Despite manufacturing slowdowns related to the global pandemic and despite a major truck manufacturer switching to an aluminum body, the steel industry is overcoming and adapting.

When the Ford F-Series, the top-selling truck in the U.S., went all-in on aluminum, it seemed other truck manufacturers might follow suit. But none of them did — although GM did replace some steel body panels starting in the 2019 model year for the Silverado and Sierra.

Ford remains the sole major manufacturer to build its trucks and SUVs with aluminum, so the big migration away from steel didn’t happen.

So, with a couple of major events that could have spelled disaster for the steel industry, we thought it might be interesting to dig into the issue and do a Q&A with John K. Catterall, vice president of the automotive program for the American Iron and Steel Institute.

How did Ford switching from steel to aluminum impact the industry?

This did serve as a wake-up call for the steel industry and led to it to further developing its material. Plus the steel industry began working more with automakers to understand how to execute lightweight steel bodies as well as share the benefits of staying with steel as the main material for future pickup truck bodies.

In what ways has the steel industry worked to make things lighter so manufacturers can keep up with stringent CAFE standards?

The key to lightweighting with steel is to increase the strength of the material so less of it can be used (thinner thicknesses) and still meet the ever-increasing crash requirements that are placed on vehicles. Thinner gauges can present a challenge for the stiffness of the structures, so creative design practices such as the use of bulkheads, stiffening beads, tailored blanked parts, good joint design, etc., have to be applied.

What does the future look like as far as steel and future EVs?

One of the most important differences of electric vehicles (EVs) versus internal combustion engine (ICE) vehicles is the battery pack. This is trending to be a flat package being positioned under the floor of a car or SUV or between the frame rails for a truck. This pack requires protection from crash events and impacts from road debris under the vehicles. Steel, being a very strong material, is ideal for serving these functions. This will probably lead to more steel per vehicle being used moving forward. Also because steel can package in a smaller area that other materials it can provide a packaging advantage and thus get more battery cells into the vehicle. In addition, a lot of the established automotive manufacturers have their hands full creating new propulsion technologies, control systems, potential autonomy technology to create EVs. If they are able to keep their structures stable (a.k.a. keep using steel), it allows them to apply their resources where they are most needed.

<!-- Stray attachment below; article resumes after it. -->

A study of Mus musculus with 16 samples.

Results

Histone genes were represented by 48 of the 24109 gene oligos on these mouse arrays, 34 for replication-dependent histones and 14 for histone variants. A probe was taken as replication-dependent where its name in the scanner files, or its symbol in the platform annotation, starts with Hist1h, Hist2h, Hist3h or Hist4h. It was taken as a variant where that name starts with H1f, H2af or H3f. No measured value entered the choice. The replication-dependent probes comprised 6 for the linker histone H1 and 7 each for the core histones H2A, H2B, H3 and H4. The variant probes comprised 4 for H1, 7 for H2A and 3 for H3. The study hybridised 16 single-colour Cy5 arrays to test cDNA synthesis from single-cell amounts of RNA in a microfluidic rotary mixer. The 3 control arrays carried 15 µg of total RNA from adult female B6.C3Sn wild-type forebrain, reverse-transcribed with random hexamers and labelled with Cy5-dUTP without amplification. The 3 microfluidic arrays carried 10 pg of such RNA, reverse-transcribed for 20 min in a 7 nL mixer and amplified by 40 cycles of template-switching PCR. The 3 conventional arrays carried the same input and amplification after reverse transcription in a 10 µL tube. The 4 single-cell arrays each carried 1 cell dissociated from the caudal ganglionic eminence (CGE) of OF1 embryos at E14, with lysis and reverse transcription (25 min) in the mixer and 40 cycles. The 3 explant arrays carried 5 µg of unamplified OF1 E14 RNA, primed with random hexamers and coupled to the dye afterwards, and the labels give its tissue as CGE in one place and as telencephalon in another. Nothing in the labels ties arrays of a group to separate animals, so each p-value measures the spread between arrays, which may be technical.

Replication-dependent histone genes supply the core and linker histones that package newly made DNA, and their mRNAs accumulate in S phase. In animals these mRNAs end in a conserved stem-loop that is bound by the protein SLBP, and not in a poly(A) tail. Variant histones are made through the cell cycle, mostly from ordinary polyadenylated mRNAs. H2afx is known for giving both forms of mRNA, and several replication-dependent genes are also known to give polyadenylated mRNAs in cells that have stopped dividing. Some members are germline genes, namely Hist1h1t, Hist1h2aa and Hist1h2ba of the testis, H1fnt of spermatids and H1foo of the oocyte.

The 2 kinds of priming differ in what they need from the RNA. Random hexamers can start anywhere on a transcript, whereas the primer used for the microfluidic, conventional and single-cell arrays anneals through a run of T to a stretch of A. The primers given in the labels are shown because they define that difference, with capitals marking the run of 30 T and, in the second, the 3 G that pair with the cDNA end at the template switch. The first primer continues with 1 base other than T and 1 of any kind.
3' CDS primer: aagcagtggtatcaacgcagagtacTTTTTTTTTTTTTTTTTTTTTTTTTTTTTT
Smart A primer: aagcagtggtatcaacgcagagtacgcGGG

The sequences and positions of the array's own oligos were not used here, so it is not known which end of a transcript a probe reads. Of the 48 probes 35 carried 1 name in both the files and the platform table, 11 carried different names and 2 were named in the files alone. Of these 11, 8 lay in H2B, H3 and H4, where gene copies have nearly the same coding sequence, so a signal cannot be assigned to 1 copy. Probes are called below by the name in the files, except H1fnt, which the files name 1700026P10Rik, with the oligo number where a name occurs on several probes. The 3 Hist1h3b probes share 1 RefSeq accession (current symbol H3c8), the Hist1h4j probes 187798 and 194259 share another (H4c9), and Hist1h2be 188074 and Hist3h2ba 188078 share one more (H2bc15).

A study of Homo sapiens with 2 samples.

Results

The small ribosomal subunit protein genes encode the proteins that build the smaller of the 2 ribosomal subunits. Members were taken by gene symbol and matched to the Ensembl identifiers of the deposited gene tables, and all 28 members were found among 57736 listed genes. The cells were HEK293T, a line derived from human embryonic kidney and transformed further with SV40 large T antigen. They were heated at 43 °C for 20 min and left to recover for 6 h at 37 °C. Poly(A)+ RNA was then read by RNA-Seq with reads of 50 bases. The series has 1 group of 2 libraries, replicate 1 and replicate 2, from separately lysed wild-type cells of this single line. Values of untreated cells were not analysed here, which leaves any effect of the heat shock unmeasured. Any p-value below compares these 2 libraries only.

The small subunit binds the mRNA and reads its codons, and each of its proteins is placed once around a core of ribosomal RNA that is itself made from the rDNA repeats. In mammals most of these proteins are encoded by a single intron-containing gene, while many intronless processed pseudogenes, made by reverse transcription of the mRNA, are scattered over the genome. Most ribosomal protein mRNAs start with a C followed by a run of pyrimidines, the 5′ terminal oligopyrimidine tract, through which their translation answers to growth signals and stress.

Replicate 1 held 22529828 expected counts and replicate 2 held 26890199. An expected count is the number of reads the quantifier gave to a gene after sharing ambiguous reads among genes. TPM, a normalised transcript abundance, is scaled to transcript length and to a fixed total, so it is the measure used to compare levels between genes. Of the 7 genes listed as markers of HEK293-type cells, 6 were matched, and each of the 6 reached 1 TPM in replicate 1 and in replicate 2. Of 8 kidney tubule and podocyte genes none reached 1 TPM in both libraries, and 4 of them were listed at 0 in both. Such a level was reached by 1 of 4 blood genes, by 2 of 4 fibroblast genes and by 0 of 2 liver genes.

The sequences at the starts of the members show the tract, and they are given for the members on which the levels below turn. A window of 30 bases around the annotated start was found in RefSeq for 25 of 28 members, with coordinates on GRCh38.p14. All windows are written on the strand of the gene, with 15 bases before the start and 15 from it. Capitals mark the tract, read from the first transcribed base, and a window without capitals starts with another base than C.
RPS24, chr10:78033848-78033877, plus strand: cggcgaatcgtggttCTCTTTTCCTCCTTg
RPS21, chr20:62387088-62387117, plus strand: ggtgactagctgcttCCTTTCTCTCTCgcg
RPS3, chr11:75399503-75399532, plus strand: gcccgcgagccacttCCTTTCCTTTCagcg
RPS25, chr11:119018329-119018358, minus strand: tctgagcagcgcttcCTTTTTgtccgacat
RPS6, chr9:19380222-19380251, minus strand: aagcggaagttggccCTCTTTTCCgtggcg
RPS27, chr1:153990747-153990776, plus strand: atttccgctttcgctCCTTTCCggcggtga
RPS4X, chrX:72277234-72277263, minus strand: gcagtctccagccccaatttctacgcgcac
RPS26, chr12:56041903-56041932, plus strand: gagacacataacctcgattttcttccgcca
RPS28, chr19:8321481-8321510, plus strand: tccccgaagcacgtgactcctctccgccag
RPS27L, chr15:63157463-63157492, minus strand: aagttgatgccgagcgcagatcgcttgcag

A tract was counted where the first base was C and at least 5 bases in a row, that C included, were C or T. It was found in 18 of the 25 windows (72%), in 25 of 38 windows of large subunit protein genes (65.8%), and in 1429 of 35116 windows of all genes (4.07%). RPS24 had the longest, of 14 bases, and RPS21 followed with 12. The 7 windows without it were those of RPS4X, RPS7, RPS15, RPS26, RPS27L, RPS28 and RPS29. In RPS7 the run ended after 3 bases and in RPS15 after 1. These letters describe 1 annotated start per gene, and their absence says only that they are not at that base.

If steel is going to make a comeback, what has to happen?

We do not feel steel went away and thus does not have to make a comeback. Continuous innovation by the steel industry has kept it on the leading edge of efficiency and lightweighting. In addition, the mass equation for EVs may be changing over time. As battery efficiency and costs improve, the overall mass of the vehicle becomes less of an issue. EVs recover a lot of the braking energy, which is a big loss for an ICE vehicle. Also range will be less effected by the mass of the vehicle as battery efficiencies increases. Therefore, steel just has to keep doing what it’s doing but clearly articulate to everyone what the advantages of using steel are.

What kind of pivot is going on within the steel industry?

I wouldn’t say that it is a pivot, but the question of sustainability has become a big topic for everyone in the automotive industry, including its material suppliers. The U.S. steel industry already has the most sustainable steel versus other major steel producing countries, and steel as a material is much more sustainable than the alternatives. As sustainability of a particular material starts to become a selection criterion in vehicle engineering, steel should be in a very good position.

The bottom line on the steel industry

The auto and steel industries currently are relatively reliant upon each other. When one succeeds, the other will as well. But as today’s automakers strive for maximum fuel economy, the weight of steel can be counterproductive.

So, rather than get left behind, the steel industry appears to be adopting the motto: Adapt or die.  We’ll be curious to follow the steel industry on its journey and see what innovations come next.


Jimmy is News Editor for PickupTruckTalk with an expertise in new vehicles. He is also a Ford Mustang historian having authored the book Mustang by Design (available on Amazon). His second book, about the history of Ford's F-Series truck comes out next year.